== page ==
A year ago in WorkBoat, Senior Editor Ken Hocke wrote about what some Gulf shipyards were doing to survive the depressed offshore energy market.

What Ken and WorkBoat have consistently found during this and past Gulf of Mexico energy slumps is that yards that have diversified have found a lot of success. As Dr. Lothar Birk, associate professor and chair, school of naval architecture and marine engineering at the University of New Orleans, told Ken for WorkBoat's October shipyard report, “The ones that tend to be the strongest are those that are diversified, building not only different types of ships but building for the military and commercial customers.”

One of those Gulf yards is Eastern Shipbuilding, which boasts a diverse orderbook. This includes the recently delivered multipurpose field support vessel Harvey Stone for Harvey Gulf International Marine and Robert Allan-designed Z-Tech tugs for Suderman & Young Towing and Bay-Houston Towing.

You can also include Louisiana yards Gulf Island Shipyards, Swiftships and Metal Shark Aluminum Boats, and Alabama’s Horizon Shipbuilding.

But the workboat industry is much, much more than the offshore energy industry and Gulf yards. Just look at how busy shipyards on the other coasts are. In the East, Chesapeake Shipbuilding recently delivered the 12th  Sassafras-class tug to Baltimore’s Vane Brothers Co., Blount Boats has been staying busy with passenger and wind farm vessels, and Gladding-Hearn has signed another contract to build a new  Chesapeake-class pilot boat.

Out West, Safe Boats International, Vigor Industrial, Nichols Brothers Boat Builders, Diversified Marine, All American Marine, and others are all staying busy. And let’s not forget about the Great Lakes where Great Lakes Shipyard, Fincantieri Bay Shipbuilding and others are also building different types of workboats.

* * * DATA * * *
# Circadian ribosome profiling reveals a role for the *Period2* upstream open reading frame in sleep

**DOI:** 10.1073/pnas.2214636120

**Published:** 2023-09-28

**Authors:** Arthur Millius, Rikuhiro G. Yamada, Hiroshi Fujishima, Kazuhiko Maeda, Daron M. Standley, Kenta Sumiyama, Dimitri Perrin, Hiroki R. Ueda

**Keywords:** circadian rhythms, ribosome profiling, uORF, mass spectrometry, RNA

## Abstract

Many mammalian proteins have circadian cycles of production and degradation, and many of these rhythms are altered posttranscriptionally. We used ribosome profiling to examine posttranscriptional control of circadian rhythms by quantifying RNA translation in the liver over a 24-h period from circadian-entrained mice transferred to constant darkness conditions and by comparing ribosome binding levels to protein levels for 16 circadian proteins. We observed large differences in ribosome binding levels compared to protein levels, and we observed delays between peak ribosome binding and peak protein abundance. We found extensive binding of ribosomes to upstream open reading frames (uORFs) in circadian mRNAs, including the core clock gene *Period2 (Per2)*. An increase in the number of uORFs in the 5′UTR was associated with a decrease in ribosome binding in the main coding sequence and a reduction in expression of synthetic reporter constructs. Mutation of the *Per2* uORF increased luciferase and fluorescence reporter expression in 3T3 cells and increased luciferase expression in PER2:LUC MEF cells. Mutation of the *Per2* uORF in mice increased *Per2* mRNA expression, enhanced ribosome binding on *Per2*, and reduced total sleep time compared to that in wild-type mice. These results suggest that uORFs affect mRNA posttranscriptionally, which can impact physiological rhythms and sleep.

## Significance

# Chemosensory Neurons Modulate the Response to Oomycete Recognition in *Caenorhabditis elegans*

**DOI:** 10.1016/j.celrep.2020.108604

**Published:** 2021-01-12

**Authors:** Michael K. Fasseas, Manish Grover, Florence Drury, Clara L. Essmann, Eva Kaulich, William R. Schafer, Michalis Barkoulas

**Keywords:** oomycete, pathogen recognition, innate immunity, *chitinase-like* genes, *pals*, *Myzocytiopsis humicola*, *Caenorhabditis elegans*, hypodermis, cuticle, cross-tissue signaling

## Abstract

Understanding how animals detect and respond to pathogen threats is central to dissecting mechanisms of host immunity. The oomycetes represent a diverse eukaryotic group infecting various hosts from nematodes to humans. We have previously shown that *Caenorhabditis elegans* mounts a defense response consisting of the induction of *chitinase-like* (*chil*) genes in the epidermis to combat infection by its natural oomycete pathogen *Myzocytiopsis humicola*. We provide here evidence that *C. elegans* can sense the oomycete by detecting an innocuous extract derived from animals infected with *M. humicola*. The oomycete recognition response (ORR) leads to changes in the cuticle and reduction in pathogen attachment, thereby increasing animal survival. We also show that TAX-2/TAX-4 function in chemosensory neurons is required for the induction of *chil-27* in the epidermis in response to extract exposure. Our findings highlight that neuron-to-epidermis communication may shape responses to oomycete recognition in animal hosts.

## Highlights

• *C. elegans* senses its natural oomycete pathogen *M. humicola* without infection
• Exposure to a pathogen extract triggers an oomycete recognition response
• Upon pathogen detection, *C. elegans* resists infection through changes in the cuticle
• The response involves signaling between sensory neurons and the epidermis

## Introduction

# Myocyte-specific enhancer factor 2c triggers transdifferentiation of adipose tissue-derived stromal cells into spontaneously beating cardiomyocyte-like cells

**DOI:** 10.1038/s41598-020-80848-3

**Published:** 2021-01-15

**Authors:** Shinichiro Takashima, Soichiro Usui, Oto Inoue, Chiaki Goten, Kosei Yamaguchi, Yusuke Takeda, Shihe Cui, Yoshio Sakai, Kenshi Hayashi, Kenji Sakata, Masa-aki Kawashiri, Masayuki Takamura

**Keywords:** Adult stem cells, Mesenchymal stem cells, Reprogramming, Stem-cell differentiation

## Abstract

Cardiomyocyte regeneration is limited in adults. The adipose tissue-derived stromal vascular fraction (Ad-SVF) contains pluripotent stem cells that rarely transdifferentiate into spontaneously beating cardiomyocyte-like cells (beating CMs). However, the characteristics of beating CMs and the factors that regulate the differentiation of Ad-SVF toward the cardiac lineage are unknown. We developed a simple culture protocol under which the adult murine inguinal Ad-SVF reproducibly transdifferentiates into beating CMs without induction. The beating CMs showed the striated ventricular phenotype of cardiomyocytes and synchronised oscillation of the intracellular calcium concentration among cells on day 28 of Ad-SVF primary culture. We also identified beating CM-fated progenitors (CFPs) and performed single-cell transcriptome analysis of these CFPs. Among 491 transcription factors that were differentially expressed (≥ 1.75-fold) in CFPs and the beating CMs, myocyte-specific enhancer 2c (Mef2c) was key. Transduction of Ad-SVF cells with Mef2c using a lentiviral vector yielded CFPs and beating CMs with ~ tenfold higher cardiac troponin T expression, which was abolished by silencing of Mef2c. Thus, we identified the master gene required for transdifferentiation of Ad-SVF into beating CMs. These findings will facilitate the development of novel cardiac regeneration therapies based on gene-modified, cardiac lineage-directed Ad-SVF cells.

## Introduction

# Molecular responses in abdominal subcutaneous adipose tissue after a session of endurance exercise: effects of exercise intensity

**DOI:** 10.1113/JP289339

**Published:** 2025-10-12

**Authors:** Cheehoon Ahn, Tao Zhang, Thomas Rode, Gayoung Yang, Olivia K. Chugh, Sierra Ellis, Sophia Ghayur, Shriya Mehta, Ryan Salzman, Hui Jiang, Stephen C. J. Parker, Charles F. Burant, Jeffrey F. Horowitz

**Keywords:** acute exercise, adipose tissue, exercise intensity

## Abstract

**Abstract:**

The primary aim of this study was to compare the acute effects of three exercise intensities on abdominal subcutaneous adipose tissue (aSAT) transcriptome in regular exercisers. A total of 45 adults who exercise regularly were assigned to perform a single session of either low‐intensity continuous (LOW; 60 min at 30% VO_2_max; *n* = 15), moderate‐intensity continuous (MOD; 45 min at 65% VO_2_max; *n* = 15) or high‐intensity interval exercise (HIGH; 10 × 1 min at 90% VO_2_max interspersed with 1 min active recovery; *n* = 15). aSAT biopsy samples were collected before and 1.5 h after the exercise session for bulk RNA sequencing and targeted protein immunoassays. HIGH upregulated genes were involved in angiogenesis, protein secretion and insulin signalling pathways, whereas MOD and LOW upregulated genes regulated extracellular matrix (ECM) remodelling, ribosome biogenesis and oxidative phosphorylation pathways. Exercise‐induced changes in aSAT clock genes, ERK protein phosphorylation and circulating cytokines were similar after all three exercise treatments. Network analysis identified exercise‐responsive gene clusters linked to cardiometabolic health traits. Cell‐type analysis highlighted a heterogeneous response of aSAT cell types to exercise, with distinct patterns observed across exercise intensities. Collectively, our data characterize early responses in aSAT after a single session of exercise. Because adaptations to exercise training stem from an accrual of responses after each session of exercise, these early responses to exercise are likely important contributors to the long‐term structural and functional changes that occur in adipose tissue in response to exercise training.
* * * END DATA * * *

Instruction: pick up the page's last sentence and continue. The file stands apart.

As Ken found in his research, from the coasts to the Great Lakes, shipyards are cranking out workboats in impressive numbers.

David Krapf has been editor of WorkBoat, the nation’s leading trade magazine for the inland and coastal waterways industry, since 1999. He is responsible for overseeing the editorial direction of the publication. Krapf has been in the publishing industry since 1987, beginning as a reporter and editor with daily and weekly newspapers in the Houston area. He also was the editor of a transportation industry daily in New Orleans before joining WorkBoat as a contributing editor in 1992. He has been covering the transportation industry since 1989, and has a degree in business administration from the State University of New York at Oswego, and also studied journalism at the University of Houston.